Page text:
What is the correct way to do the massage for reducing or prevent the swelling from a seroma? after TT
Massage for Reducing Swelling from Seroma?
Doctor Answers 10
Seroma is not a swelling
A seroma is a fluid collection in an area following a surgical procedure. This is different from swelling. Swelling will respond to massage but seroma will responds to either compression or aspiration.
Massage after tummy tuck
Thanks for the great question -
Massage is not likely to prevent seroma but can be useful as a technique to reduce swelling.
Your lymphatics remove excess fluid from your tissues and return it to your circulation. After surgery some of these channels are cut and time is needed to allow regrowth of these pathways.
Massage can be an effective way to reduce swelling by recruiting other lymphatic channels to reduce some of the fluid.
I hope this helps.
Seroma after TT
Seromas are collections of fluid under the skin.
Seromas should be drained, and not be allowed to resorb on their own.
If left untreated, seromas can become permanent and form a capsule that needs to be removed surgically.
They can also become infected.
There are various methods of reducing swelling, primarily by reducing activity levels, applying compressing, avoiding prolonged sitting, and lymphatic massage. However these are treatments for surgical swelling, not seroma.
Pablo Prichard, MD
Seromas after a tummy tuck (abdominoplasty) are aspirated, not massaged.
There is no role for massage in the treatment of a seroma. This is a collection of fluid under the skin and fat not uncommon after abdominopasty. Treatment is serial aspiration. Massage has no role in treatment.
Massage and seromas
Massage does not typically reduce a seroma. Massage works very well for generalized swelling following surgery, however a seroma is a collection of fluid and massaging this does nothing to improve resorption. Typically, drains are used to prevent these collections from forming and are complimented with compression wraps or support garments. If a seroma persists, removal of the fluid (often several times) via a small needle and syringe may work. In chronic situations, the seroma cavity may form a wall and need a secondary procedure to correct.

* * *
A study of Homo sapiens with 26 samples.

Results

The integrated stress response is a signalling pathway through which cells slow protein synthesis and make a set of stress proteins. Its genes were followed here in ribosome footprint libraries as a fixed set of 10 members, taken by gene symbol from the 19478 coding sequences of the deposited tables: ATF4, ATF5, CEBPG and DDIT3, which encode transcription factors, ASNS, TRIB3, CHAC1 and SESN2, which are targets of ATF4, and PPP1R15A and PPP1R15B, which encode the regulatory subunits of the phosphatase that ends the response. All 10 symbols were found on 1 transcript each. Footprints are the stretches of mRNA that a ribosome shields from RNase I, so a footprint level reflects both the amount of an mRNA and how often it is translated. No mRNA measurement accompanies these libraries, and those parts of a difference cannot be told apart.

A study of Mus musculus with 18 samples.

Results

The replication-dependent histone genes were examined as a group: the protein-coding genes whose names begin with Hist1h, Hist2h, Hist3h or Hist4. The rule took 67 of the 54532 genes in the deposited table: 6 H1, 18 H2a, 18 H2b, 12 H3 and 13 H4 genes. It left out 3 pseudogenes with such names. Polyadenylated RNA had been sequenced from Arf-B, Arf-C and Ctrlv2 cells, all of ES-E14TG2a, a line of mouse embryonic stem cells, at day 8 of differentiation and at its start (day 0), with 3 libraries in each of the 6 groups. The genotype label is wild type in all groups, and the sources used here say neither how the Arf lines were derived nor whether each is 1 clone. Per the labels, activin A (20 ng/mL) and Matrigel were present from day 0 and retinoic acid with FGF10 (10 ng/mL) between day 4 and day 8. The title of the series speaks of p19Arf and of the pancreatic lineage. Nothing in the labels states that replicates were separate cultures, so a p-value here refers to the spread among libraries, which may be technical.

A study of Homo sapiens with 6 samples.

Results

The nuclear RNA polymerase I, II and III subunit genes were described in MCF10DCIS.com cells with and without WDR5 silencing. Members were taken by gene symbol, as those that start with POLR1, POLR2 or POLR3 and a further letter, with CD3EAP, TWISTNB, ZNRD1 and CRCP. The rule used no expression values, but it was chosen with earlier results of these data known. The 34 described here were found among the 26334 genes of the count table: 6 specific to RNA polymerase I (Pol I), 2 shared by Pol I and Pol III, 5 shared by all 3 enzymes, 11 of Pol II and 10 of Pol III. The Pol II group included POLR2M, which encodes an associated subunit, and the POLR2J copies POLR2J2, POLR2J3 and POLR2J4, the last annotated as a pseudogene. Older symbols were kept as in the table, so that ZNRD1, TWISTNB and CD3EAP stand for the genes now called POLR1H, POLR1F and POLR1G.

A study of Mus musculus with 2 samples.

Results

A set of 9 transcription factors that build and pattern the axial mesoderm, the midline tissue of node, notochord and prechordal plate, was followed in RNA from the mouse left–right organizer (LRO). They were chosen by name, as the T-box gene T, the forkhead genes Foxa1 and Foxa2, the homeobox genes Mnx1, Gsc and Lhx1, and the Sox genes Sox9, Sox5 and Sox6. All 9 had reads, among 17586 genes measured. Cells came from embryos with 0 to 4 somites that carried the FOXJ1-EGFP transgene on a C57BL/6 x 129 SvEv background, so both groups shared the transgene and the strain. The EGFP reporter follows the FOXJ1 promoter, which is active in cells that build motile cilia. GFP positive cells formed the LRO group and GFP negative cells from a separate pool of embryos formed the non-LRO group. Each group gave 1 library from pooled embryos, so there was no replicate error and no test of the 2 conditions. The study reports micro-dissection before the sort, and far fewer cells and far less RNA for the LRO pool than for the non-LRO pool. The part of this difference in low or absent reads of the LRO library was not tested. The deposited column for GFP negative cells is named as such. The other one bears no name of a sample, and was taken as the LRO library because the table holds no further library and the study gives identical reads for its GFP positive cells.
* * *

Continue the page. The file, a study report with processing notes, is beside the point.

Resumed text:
Reducing swelling after a tummy tuck
Probably the best technique is manual lymphatic drainage also known as MLD or the Vodder technique.
This promotes drainage to the regional lymph nodes and encourages diminished swelling (also known as edema) which may help to optimize oxygen delivery to the healing tisssues.
How to Reduce a Seroma
A seroma is a collection of fluid underneath the skin. In some cases drains are used after surgery to prevent to occurance of seromas, as well as compression garments which also address issues with swelling. Massage does not typically help rid of a seroma, although it does help with swelling. To remove/reduce a seroma you will need to have it drained by your surgeon - otherwise you could end up with an infection. If you are experiencing complications such as a seroma, I would recommend calling your surgeon right away.
Massage for reducing seroma
Tummy tucks are an extremely popular and effective way to contour the abdomen. Like all surgery, they have attendant risks. One risk is the development of a seroma. This is the collection of extra fluid underneath the skin. In many cases, this can be prevented with the use of abdominal drains. If you develop a seroma after the drain has been removed, your surgeon may opt to drain the seroma with a needle and a large syringe. To prevent a stroke for coming back, compression is the best technique. Compression will encourage your overlying skin to stick onto the underlying muscle. Your surgeon should recommend a tight compression garment to encourage this to happen. Massage may not be recommended until your tissue has adhered tightly to the underlying muscle. Otherwise, this space may return and fill with additional fluid.